NEW YORK ( TheStreet) --  VF Corp. (VFC) , the owner of mall staples the North Face, Timberland, and Wrangler, has historically grown by making splashy acquisitions of underperforming brands. The problem now is that there are few good brands, either in the U.S. or abroad, that are willing to sell.

"There is a little bit of frustration because we have a balance sheet that we know we can lever, and we have skill sets that we have demonstrated over time," said VF Senior Vice President and CFO Bob Shearer in an interview.

The solution for now, however, is to just keep in on innovating with the brands it already owns.

"We have just never been in a better position related to new products," said Shearer, who is retiring in March after nearly 30 years with VF.

Shearer said two of the company's newer product lines are ready to prevent any slowdown from VF's lack of new acquisitions. The first is the Thermoball line from the North Face.

The Thermoball line originally launched with a transitional lightweight jacket two years ago. Now the line includes scarves, gloves, and shoes. Thermoball has already raked in a total of $100 million in global revenue. 

Thermoball also addresses VF's desire for the North Face to be an all-year brand, not one that is just known for its black fleece jackets and puffy down coats. According to Shearer, Thermoball is undergoing a further expansion into more women's products, as well as hooded and longer-length jackets.

There is also a cost advantage to manufacturing Thermoball, which is stuffed with fiber that is the warmth equivalent of 600 fill-power down.

"Down is getting a little tougher to get. The expense is going up", Shearer said. A traditional Thermoball jacket retails for $199, or $220 with a hood.

The North Face's FuseForm line is still in its infancy. The construction of a FuseForm jacket uses a single piece of fabric which is then folded and stitched together. The fabrics are made from a blend of varying strength yarns. Like Thermoball items, FuseForm coats reduce VF's reliance on down. After positive consumer response in the fall to the $499 FuseForm ski jacket, the technology will appear in a lightweight jacket this spring.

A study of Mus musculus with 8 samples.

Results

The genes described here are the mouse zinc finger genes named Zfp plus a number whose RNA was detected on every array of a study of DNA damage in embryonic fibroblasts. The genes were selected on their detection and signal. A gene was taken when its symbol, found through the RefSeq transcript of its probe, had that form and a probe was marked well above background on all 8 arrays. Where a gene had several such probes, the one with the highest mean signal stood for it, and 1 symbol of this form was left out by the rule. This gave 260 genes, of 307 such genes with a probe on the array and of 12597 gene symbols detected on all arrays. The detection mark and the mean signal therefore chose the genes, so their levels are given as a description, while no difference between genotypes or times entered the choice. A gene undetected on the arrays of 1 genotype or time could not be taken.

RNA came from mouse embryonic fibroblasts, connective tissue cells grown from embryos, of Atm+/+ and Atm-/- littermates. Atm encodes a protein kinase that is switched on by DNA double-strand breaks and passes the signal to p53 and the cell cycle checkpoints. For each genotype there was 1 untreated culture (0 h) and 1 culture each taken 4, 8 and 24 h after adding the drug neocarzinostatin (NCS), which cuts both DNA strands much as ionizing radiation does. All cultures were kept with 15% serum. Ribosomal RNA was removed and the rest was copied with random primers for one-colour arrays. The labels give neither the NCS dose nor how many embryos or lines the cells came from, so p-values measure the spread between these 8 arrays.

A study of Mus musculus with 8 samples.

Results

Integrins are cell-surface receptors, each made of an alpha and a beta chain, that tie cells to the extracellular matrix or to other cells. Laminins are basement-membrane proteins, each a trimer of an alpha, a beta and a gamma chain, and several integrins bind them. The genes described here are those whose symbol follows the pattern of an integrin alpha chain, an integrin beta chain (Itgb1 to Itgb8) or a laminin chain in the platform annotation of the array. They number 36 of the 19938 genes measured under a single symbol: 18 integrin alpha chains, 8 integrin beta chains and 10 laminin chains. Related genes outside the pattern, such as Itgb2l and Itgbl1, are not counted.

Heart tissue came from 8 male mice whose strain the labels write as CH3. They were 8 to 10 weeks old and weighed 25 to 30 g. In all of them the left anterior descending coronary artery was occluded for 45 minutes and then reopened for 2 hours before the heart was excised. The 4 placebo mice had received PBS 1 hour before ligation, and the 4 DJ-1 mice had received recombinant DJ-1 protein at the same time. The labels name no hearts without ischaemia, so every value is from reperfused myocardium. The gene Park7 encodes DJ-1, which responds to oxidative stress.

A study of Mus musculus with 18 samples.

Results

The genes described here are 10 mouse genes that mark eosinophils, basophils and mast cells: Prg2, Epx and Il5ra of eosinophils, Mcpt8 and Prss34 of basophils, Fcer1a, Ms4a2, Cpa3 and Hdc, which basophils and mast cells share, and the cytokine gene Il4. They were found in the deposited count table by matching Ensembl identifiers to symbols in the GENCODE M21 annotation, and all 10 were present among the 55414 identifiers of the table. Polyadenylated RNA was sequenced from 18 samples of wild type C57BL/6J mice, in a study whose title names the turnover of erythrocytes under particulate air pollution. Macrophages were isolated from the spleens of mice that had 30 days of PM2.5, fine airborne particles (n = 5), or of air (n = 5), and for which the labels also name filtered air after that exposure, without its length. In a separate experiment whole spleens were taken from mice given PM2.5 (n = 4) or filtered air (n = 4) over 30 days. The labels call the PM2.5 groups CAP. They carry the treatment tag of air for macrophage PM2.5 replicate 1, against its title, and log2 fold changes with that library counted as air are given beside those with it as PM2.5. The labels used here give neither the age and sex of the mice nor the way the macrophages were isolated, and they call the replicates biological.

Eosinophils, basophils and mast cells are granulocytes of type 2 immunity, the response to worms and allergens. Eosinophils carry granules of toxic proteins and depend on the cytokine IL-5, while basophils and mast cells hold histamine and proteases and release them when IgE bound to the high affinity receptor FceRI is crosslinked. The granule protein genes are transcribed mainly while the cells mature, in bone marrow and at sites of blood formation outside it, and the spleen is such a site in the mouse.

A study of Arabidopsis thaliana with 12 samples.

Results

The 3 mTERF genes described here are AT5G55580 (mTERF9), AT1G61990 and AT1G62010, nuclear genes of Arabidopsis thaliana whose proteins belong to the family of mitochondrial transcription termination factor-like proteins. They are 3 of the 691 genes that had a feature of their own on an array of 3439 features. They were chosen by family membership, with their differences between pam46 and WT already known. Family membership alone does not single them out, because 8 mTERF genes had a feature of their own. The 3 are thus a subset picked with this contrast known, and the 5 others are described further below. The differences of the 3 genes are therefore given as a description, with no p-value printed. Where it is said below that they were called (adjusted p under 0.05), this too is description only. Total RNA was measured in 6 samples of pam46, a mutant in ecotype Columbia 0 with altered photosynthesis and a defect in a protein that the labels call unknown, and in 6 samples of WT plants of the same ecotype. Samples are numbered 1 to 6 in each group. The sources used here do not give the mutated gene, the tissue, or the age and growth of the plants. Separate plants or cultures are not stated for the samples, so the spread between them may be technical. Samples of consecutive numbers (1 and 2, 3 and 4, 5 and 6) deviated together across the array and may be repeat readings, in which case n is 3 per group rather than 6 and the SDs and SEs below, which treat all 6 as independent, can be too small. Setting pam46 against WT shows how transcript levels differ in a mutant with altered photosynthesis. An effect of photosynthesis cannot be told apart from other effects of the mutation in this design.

Sales of the North Face brand in Asia rose 25% in the fourth quarter, with execs crediting strong consumer response to Thermoball and a "great initial response" by retailers to FuseForm.

VF recently opened three innovation centers tasked with finding the next big idea.

"These innovation centers are housed with people that don't think exactly like we think, and that's good," noted Shearer, who hinted that the efforts of these creative teams may lead to a new product line in 2016.

VF may be working on new products because it's taking a long time to find new companies to acquire.

VF has not made a splashy buy since completing its acquisition of boot and apparel maker Timberland for $2.3 billion in September  2011. And VF is itching to get something done if the price is right, with a particular appetite for brands in the outdoor and action-sports space. It's also OK with adding debt to get a deal done.

Shearer said, "We are looking really, really hard, but have to stay disciplined. "

Meanwhile, VF looks fine if it has to go it alone sans a major acquisition this year.

On Friday, the company reported fourth-quarter earnings per share of 98 cents, in line with Wall Street estimates. Sales came in at $3.54 billion vs. the $3.6 billion consensus estimate, weighed down 2% by currency fluctuation. The company gets about 38% of total sales and 60% of its net income from outside the U.S.

But excluding the impact of currency, the strength of VF's business was evident.

Gross profit margins expanded 80 basis points year over year to 49%, no small feat in the ultracompetitive holiday season. Sales at North Face, Vans and Timberland increased 14%, 20% and 15% in the quarter, respectively, when adjusting for currency. Even the U.S. jeans business, where VF sells brands like Lee and Wrangler to department stores and mass merchants, showed a sales improvement from earlier in the year despite the ongoing transition by women to knit bottoms such as yoga pants, joggers and jeggings.  

VF credited its strong jeans business to new jeans it introduced in the fall that had a bit of stretch and felt less like denim, which led to more floor space at major retailers.

And the company's other plans? Shearer said, "What I would hope for as we look out, and based on the investments we are making, we will do a better job, and ahead of most, in terms of how we are building connections with consumers."

The exec singled out better uses of customer data and social media to drive those connections -- and, hopefully, more sales and profits.

This article is commentary by an independent contributor. At the time of publication, the author held no positions in the stocks mentioned.